New York's Cooperative and Condominium Community


It seems fundamental that co-ops should allow shareholders to examine anything involving the co-op. After all, your contract with your co-op is deemed "proprietary leases," confirming that you have proprietary interests in the co-op. And, of course, you hold shares of common stock in the co-op corporation. So you would seem to have status equivalent to that of the shareholders of a business corporation.

Yet co-op shareholders frequently hit a wall when you try to monitor "company" business and decision-making, and to have input into it by communicating with board members and fellow shareholders. This might seem odd, since potential purchasers of apartments – who are not yet shareholders or even yet board-approved – get to review board-meeting minutes. How could they have more rights in this regard than actual shareholders?

It's because the co-op world – like the business world – is not necessarily accommodating to minority stockholders, which is the status of virtually all co-op shareholders. Here's what happens:

Oral vs. Written Requests

The first approach for a shareholder seeking review of co-op minutes and other documents is usually an oral request to the property manager. Typically, the owner tries and fails once or twice before getting any sort of response. In the interim, the property manager presumably sought guidance from the co-op president, or other board liaison, who, if harboring any reservations, recommended consulting with the counsel. The more controversial the apartment owner making the request, or the more immersed the board currently is in controversial matters, the more likely the co-op counsel is consulted at an early stage.

The second approach for the apartment owner is submitting a demand in writing, which most well-counseled boards will require before directly responding to a request to review minutes or other documents. This has several purposes — all legitimate, if unhelpful.

First, it tests your degree of commitment. Second, it slows down the process. So, for example, you might want to review the minutes in order to mount a campaign to run for a board seat. But by the time your oral request is first made, ignored and made again, and then written request is made, sent to the lawyer and the board, and responded to, many weeks may pass and an election may have occurred and there may be a new board (so you may have to start the process again). Third and most significant, the writing requirement establishes what documents you're seeking.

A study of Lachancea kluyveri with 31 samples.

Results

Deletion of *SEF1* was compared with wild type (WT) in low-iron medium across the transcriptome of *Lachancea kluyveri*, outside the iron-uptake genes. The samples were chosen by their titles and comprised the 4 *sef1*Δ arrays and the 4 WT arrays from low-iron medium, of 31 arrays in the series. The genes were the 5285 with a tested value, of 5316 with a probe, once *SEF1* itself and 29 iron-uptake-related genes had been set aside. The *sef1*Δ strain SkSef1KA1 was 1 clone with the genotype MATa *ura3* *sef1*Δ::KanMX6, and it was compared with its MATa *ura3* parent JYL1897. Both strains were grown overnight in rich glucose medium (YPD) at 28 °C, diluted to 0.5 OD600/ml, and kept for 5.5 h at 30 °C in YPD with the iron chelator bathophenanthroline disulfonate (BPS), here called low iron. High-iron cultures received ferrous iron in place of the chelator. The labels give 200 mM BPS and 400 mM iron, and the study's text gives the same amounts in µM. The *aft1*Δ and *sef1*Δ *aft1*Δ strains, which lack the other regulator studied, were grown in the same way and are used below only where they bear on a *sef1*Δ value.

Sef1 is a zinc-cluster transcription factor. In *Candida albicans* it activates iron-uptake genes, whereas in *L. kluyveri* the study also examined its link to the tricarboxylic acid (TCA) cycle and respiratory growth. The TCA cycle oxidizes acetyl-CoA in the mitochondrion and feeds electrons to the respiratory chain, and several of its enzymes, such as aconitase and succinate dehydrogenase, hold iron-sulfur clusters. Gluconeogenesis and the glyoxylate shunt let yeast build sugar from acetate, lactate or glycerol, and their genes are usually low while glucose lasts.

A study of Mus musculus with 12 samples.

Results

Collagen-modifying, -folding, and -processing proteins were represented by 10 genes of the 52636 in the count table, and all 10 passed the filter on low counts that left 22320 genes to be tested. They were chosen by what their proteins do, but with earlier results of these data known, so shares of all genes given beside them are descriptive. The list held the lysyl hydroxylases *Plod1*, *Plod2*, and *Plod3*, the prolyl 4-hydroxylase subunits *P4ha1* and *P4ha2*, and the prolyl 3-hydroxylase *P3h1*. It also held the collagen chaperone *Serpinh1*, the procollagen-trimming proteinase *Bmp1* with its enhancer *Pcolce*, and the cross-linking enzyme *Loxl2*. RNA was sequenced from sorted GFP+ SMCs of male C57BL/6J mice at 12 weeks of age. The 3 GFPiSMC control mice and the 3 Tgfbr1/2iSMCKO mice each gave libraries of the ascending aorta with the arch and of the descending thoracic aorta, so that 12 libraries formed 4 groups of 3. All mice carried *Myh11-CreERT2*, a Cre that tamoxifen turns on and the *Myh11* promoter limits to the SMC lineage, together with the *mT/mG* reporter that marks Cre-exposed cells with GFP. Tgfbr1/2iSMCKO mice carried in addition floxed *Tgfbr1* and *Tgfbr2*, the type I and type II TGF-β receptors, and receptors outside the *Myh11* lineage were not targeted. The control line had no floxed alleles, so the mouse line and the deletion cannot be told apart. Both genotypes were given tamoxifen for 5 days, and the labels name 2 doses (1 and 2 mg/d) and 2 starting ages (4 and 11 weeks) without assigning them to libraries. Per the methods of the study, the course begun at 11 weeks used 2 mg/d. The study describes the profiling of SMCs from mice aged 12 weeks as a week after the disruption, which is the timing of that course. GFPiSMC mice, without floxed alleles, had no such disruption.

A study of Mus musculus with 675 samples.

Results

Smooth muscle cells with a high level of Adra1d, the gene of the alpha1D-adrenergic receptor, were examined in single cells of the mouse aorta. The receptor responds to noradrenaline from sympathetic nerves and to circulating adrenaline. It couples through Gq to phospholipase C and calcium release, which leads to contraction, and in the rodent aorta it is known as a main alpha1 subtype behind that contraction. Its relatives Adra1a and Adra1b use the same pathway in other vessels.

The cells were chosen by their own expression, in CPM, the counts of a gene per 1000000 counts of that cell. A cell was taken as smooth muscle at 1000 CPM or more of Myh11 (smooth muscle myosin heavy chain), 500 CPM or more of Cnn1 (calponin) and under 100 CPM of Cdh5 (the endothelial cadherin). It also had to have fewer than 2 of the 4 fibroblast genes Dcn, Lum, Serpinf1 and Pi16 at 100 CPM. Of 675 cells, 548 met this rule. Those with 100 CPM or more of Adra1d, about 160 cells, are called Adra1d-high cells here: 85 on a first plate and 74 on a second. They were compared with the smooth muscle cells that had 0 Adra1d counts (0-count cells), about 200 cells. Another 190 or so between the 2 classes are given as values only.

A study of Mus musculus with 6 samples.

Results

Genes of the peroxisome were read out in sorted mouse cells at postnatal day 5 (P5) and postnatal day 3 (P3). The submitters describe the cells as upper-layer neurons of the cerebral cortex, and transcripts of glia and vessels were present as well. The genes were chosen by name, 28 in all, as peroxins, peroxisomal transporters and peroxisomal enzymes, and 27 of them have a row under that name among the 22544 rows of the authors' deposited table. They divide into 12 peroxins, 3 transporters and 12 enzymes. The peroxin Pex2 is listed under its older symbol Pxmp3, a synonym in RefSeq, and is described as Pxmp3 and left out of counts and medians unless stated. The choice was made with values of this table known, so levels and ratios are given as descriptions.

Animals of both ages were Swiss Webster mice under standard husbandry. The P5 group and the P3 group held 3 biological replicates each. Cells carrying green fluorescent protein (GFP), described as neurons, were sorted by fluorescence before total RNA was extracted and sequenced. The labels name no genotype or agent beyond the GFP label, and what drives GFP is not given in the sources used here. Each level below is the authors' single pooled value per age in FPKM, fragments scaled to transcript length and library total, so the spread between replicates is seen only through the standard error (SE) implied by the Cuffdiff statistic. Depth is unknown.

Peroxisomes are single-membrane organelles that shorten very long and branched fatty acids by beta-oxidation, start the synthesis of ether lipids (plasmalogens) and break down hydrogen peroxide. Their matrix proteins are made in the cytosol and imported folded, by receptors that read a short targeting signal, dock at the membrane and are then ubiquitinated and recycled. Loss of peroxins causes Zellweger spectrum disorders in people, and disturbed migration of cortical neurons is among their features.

This itself is significant for two main reasons: First, there are limited categories of documents that a co-op is required to allow a shareholder to review. The letter permits the co-op to determine whether it has the right to deny the request in whole or in part. Second, you must have a legitimate corporate purpose, as opposed to personal one, in seeking review of at least some of the documents for which review is permitted.

Board Meetings vs. Shareholders Meetings

With one major qualification, neither the law nor the co-op's governing documents require the co-op to allow a shareholder to review the minutes of board meetings. That exception comes if you're a party to a litigation involving your co-op. In that case, you may be entitled to review co-op documents, including the minutes, provided they are "material and necessary" to the litigation and not protected by attorney-client privilege or some other privilege. But board meeting minutes or deliberations are not privileged in their own right.

So let's get back to ordinary co-op existence: What happens when an apartment owner simply wants to review board meeting minutes and other documents to help monitor board decision-making for the good of all shareholders? How could it be that these documents are all essentially confidential unless there's a litigation to which some are material and necessary?


The law is not designed to encourage

participation by minority shareholders

 in board decision-making.

Let's start with the fact that co-ops are corporations, which in New York are governed by the Business Corporation Law (BCL). This law was enacted and is maintained with a distinct bias in favor of shareholders who control corporations, and thus serve on boards and typically have no need to secure special permission to review meeting minutes or other corporate documents. Neither the BCL nor co-op governing documents are designed or intended to encourage regular or easy participation by minority shareholders in board decision-making.

BCL 624(a) requires corporations to keep meeting minutes. BCL 624(b) requires corporations to allow shareholders to review two categories of corporate documents: "minutes of the proceedings of its shareholders and record [i.e., list] of shareholders..." Notice the language: The law mandates review only of minutes of shareholders' meetings — generally speaking, the year's annual meeting for election of directors.